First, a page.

Zika Vaccine Slated for Human Testing

Multiple vaccines are under way as pharmaceutical companies around the world race to develop a way to stop the Zika virus, but one team—Inovio Pharmaceuticals and GeneOne Life Science—has announced that 40 healthy volunteers will undergo phase I clinical testing for safety in a few weeks, according to a report in Technology Review.

First but also novel

The vaccine not only stands out as the first to get the green light from the FDA, but also because it’s a DNA vaccine. There are multiple ways of creating a vaccine, including using a weakened form of the virus or viral particles to stimulate the immune system.

This vaccine, however, relies on synthetic Zika genes that are inserted into a DNA-carrying vessel called a plasmid. According to Technology Review, this approach aims to teach the immune system to attack the Zika virus, a technique that Inovio is also trying to apply to other viruses, such as the flu virus.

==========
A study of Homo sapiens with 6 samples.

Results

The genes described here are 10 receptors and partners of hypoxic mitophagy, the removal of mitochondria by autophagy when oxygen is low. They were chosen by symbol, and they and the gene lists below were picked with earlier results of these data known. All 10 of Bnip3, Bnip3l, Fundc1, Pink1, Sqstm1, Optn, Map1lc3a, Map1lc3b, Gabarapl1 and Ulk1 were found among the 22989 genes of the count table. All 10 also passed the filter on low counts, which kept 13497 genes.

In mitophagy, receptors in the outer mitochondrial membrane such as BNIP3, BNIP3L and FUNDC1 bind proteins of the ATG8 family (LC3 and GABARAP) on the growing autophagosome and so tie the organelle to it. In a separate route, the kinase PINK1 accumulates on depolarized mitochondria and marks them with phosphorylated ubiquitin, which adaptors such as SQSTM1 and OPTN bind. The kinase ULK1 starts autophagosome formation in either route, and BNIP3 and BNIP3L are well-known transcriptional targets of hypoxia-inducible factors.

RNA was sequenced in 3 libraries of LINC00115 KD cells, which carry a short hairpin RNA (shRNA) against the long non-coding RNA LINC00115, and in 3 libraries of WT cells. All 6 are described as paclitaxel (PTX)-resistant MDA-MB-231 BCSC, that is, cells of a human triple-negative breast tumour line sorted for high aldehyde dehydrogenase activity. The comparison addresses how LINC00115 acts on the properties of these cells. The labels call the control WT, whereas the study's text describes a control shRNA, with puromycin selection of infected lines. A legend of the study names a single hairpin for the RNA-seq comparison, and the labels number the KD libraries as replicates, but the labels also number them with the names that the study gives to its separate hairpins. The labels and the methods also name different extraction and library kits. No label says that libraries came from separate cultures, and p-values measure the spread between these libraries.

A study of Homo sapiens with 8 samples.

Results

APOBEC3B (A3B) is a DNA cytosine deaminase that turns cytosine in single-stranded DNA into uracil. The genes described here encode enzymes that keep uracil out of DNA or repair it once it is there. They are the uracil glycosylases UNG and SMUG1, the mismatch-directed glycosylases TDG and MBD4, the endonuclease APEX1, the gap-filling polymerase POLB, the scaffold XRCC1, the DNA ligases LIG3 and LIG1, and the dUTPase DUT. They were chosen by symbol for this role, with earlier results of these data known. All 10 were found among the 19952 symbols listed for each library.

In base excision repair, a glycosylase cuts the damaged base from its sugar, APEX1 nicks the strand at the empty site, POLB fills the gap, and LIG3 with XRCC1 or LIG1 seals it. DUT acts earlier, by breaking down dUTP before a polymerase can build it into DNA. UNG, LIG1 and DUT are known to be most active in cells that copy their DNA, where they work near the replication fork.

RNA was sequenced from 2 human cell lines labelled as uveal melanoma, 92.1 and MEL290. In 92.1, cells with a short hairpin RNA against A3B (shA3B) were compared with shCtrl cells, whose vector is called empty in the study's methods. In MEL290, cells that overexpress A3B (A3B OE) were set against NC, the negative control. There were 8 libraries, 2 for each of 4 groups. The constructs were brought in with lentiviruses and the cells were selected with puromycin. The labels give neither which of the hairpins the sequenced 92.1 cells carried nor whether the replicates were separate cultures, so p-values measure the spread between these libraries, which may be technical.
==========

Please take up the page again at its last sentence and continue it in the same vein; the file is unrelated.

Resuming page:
Advantages include quicker manufacturing and greater safety, since there is no actual Zika virus involved. The technology also sidesteps the burdensome need to keep vaccines frozen.

Waiting game

Inovio’s vaccine has been developed incredibly fast, but despite this speed, there is still a wait ahead. Technology Review quoted Anthony Fauci, director of the NIH’s National Institute of Allergy and Infection Diseases, as saying that we won’t know if Zika vaccines are working until early 2018. The NIH has its own upcoming clinical trials that will begin in September.